India based crypto platform, Coindelta recently announced that it would be shutting down its domain as it had been struggling to keep operations running amidst the uncertainty surrounding the on-going regulatory ban imposed by the Reserve Bank of India. In a blog post for Medium, Coindelta founder Shubham Yadav wrote,
“Much to our regret we will no longer be able to provide exchange services for cryptocurrencies. It has been really difficult for us to operate Coindelta for the last 6 months. The curb on the bank accounts by RBI (Reserve Bank of India) has made us handicapped in order to provide seamless deposits and withdrawal services. There has not been any significant progress in the supreme court case which makes it difficult to predict when we will see the regulation.”
Though the platform officially ceased trading on March 30, the wallet service will be available for withdrawing digital assets till April 29 and customers can withdraw their funds through the Coindelta support page. However, due to the ‘unfavorable environment’ created by banking restrictions on the crypto industry, running the platform resulted in an increase in operating cost.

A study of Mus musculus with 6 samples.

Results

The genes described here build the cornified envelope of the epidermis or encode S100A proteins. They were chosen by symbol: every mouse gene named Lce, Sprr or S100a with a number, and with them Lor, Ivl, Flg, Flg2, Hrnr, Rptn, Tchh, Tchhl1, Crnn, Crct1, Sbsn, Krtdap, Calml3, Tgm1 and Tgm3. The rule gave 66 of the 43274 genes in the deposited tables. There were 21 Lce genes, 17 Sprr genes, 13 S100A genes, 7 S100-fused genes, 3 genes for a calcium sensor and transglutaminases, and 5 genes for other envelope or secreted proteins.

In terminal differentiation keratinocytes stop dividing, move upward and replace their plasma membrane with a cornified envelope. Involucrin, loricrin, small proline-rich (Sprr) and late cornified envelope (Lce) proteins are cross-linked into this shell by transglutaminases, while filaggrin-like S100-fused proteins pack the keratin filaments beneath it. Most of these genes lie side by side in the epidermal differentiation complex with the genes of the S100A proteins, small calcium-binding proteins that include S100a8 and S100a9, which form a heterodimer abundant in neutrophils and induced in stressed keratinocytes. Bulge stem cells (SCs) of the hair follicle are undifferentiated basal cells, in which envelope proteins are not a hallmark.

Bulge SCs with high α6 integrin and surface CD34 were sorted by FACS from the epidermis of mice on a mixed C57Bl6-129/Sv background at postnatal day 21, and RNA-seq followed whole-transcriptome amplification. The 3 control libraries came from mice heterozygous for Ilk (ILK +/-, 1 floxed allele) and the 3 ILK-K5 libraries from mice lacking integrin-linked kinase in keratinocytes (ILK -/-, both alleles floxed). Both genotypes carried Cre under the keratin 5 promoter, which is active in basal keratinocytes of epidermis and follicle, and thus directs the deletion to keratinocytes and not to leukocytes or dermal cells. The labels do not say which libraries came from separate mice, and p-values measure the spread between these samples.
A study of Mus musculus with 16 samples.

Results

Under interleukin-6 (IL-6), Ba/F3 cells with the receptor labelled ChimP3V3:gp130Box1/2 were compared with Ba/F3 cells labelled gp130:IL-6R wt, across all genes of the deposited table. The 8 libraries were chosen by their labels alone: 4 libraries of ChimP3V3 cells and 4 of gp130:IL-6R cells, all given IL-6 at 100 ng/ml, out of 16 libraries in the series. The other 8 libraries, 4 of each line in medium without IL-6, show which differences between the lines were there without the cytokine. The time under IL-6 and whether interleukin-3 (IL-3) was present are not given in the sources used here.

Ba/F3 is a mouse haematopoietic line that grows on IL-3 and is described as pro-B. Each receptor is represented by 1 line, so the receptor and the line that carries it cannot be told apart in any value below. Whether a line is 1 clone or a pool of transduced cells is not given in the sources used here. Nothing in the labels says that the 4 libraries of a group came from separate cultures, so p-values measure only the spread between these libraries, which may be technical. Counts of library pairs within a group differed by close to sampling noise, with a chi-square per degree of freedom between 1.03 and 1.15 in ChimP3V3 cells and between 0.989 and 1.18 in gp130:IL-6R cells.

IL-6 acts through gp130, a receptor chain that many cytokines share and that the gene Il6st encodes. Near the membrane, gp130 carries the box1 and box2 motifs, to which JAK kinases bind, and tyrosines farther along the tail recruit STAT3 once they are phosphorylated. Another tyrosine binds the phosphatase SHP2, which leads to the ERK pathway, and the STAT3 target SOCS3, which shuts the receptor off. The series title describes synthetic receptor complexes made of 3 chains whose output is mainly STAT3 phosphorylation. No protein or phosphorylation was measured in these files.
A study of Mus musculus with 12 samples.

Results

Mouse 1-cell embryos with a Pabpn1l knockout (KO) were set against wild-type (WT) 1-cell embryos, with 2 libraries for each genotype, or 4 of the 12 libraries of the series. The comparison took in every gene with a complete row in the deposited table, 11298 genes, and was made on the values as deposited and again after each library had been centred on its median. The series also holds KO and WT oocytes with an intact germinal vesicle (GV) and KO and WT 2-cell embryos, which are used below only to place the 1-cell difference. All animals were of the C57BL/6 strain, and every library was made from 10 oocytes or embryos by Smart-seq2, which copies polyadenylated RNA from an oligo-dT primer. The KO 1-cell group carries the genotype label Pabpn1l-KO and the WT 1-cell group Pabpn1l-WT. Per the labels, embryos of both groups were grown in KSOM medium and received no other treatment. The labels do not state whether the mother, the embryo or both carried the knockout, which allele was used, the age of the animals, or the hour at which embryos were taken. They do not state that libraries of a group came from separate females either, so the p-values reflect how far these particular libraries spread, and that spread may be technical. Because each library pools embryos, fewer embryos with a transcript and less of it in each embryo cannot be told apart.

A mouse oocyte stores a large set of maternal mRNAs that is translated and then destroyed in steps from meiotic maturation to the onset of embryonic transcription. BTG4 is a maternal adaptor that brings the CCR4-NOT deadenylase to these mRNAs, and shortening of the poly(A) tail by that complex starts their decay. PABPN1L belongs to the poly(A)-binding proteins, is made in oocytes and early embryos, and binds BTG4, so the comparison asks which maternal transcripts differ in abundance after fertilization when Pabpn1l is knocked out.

For reimbursement, the company has hiked the withdrawal fee for traders seeking to liquidate which highlights a similar withdrawal fee hike done previously by another Indian crypto exchange platform, Zebpay when it ceased operations. Nichal Shetty, CEO of WasirX has reached out to the Coindelta community and assured that traders could use its platform for withdrawing funds with ‘100% withdrawal fee refunded’.
Banking regulations crippling India’s crypto industry
On April 5, 2018 the RBI had issued a circular that raised concerns over the use of virtual currencies for transactions and trading, stating that “it (RBI) will not deal with or provide service to any individual or business entities dealing with or settling virtual currencies.” The delay in decision-making by the government over implementing crypto regulations as well as the stifling move taken by the RBI, has resulted in the closure of a number of crypto exchange platforms, and even the oldest Indian based Zebpay was forced to shift its base to Malta.